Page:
By John W. Whitehead and Nisha Whitehead
“If you don’t want to get shot, tased, pepper-sprayed, struck with a baton or thrown to the ground, just do what I tell you.”—Officer with the Los Angeles Police Department
Police violence has not lessened.
Police shootings have not abated.
Police reforms have largely failed.
In fact, according to the latest research, police violence kills three people a day.
Despite all of this, President Biden wants to throw more money at America’s police forces.
Biden’s $30 billion “Fund the Police” program, a signature part of his administration’s $5.8 trillion budget proposal, aims to expand law enforcement and so-called crime prevention at taxpayer expense.
Essentially, Biden wants to fight gun violence with more gun violence.
What Biden is really looking to do is score points with voters and police unions. Hence, Biden’s political push-back against a call by activists to “defund the police,” would pay for state and local governments to hire more cops, double the funding for community policing, bring on 300 new deputy marshals, staff gun-trafficking strike forces and investigations into gun-dealer compliance, prosecute hate crimes, and purchase more police body cameras.
The problem, as far as I can tell, is not that police agencies lack money or cops on the beat. Indeed, as Jamelle Bouie writes in the New York Times, “there is no pressing, national need for greater police funding. If anything, police departments and their allies have skillfully used anxiety over ‘defund’ to successfully lobby for even larger budgets, despite the striking inability of many police departments to solve crimes and clear murders.”
As much as Biden and the police unions want us to believe that more police funding will translate to a decrease in violent crime, research shows there is no real correlation between crime rates and police budgets.
While the “Defund the Police” movement was misguided in their messaging (it was never about stripping police of their funding; rather, it was a call for greater accountability, better training, and overall reform), Biden’s push to expand funding for the police without any assurance of significant reforms in place could well encourage further police brutality.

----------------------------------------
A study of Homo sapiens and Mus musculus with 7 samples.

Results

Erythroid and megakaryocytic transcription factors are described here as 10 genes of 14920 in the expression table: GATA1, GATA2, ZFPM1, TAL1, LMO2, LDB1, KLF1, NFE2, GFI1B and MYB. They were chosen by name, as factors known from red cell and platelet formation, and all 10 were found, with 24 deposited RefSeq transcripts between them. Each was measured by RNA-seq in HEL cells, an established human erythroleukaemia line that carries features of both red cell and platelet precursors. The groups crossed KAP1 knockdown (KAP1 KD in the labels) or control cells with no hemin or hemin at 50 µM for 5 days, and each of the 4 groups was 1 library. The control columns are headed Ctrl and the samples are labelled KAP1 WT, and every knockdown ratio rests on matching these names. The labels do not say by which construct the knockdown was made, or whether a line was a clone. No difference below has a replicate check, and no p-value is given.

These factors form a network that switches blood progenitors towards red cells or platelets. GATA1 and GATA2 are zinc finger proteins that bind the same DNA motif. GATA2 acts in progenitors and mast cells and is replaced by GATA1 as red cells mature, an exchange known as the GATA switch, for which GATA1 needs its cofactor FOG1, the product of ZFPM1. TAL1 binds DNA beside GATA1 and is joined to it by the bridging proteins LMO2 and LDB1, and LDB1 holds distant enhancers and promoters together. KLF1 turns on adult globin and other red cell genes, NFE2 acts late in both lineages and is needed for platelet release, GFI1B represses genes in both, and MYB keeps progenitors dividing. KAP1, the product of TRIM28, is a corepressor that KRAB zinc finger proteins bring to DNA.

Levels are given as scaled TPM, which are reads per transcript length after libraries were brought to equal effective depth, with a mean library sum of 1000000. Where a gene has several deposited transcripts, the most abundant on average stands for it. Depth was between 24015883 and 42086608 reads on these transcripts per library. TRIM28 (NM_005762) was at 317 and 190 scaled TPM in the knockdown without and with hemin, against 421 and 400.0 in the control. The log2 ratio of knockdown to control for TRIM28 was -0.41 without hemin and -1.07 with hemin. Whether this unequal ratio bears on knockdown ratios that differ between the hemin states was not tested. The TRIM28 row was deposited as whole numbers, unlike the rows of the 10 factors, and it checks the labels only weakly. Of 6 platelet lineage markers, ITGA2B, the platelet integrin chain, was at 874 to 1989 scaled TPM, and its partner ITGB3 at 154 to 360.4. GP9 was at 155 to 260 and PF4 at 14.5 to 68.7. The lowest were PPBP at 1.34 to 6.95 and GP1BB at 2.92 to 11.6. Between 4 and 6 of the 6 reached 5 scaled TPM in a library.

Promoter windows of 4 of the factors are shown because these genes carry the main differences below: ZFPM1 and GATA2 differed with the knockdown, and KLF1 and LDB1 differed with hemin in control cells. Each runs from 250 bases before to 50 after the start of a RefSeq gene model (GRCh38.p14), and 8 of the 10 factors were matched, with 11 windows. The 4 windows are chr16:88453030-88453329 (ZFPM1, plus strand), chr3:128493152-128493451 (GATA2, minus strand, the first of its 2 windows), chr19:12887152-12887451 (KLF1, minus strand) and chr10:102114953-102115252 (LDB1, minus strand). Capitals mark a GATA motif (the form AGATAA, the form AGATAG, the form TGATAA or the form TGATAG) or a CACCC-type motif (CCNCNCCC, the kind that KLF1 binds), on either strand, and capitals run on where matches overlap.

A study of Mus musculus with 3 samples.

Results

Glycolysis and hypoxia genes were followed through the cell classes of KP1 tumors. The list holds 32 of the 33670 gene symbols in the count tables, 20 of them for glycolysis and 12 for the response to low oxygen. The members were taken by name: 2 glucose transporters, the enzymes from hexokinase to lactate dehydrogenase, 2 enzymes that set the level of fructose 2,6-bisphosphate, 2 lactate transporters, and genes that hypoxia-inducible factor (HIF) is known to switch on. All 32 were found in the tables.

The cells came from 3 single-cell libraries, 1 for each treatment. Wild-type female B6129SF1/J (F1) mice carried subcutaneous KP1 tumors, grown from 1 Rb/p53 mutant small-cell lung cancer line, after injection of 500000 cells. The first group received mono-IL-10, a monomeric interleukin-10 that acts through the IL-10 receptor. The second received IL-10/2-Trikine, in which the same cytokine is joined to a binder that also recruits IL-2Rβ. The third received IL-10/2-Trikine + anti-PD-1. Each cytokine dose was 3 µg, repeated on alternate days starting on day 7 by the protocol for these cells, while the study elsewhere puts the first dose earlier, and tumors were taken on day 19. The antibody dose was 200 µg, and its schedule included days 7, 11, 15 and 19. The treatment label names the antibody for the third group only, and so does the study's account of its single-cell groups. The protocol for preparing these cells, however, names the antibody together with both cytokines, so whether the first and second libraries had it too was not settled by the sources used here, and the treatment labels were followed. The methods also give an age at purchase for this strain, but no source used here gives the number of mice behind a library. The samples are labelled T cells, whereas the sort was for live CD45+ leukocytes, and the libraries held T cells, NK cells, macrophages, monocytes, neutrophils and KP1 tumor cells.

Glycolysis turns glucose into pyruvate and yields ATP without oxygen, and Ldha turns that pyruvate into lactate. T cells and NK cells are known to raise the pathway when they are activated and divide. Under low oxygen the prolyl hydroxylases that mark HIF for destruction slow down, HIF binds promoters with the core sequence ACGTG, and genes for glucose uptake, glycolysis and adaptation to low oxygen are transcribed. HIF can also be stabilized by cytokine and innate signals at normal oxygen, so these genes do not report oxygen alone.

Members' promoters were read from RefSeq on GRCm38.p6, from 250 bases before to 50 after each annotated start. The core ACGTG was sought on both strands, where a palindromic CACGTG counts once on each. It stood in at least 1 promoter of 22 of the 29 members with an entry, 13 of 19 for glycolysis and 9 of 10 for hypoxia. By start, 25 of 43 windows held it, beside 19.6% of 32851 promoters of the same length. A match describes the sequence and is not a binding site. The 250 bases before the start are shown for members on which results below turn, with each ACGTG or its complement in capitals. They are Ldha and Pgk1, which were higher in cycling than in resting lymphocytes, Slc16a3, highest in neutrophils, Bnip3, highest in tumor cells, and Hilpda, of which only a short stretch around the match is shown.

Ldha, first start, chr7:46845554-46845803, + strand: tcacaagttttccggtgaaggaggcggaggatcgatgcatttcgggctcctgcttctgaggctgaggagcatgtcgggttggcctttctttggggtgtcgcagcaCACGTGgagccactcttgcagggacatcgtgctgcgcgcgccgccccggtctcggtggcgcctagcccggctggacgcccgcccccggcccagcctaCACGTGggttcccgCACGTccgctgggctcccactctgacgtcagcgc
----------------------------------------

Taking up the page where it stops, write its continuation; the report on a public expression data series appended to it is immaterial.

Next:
The unfortunate reality we must come to terms with is that America is overrun with militarized cops—vigilantes with a badge—who have almost absolute discretion to decide who is a threat, what constitutes resistance, and how harshly they can deal with the citizens they were appointed to “serve and protect.”
It doesn’t matter where you live—big city or small town—it’s the same scenario being played out over and over again in which government agents, hyped up on their own authority and the power of their uniform, ride roughshod over the rights of the citizenry.
These warrior cops, who have been trained to act as judge, jury and executioner in their interactions with the public and believe the lives (and rights) of police should be valued more than citizens, are increasingly outnumbering the good cops, who take seriously their oath of office to serve and protect their fellow citizens, uphold the Constitution, and maintain the peace.
Indeed, if you ask police and their enablers what Americans should do to stay alive during encounters with law enforcement, they will tell you to comply, cooperate, obey, not resist, not argue, not make threatening gestures or statements, avoid sudden movements, and submit to a search of their person and belongings during encounters with the police.
In other words, it doesn’t matter if you’re in the right, it doesn’t matter if a cop is in the wrong, it doesn’t matter if you’re being treated with less than the respect you deserve: if you want to emerge from a police encounter with your life and body intact, then you’d better comply, submit, obey orders, respect authority and generally do whatever a cop tells you to do.
In this way, the old police motto to “protect and serve” has become “comply or die.”
This is the unfortunate, misguided, perverse message that has been beaten, shot, tasered and slammed into our collective consciousness over the past few decades, and it has taken root.
This is how we have gone from a nation of laws—where the least among us had just as much right to be treated with dignity and respect as the next person (in principle, at least)—to a nation of law enforcers (revenue collectors with weapons) who treat “we the people” like suspects and criminals.
As a result, Americans as young as 4 years old are being leg shackled, handcuffed, tasered and held at gun point for not being quiet, not being orderly and just being childlike—i.e., not being compliant enough.
Americans as old as 95 are being beaten, shot and killed for questioning an order, hesitating in the face of a directive, and mistaking a policeman crashing through their door for a criminal breaking into their home—i.e., not being submissive enough.
And Americans of every age and skin color are continuing to die at the hands of a government that sees itself as judge, jury and executioner over a populace that have been pre-judged and found guilty, stripped of their rights, and left to suffer at the hands of government agents trained to respond with the utmost degree of violence.
At a time when growing numbers of unarmed people have been shot and killed for just standing a certain way, or moving a certain way, or holding something—anything—that police could misinterpret to be a gun, or igniting some trigger-centric fear in a police officer’s mind that has nothing to do with an actual threat to their safety, even the most benign encounters with police can have fatal consequences.
The problem, as one reporter rightly concluded, is “not that life has gotten that much more dangerous, it’s that authorities have chosen to respond to even innocent situations as if they were in a warzone.”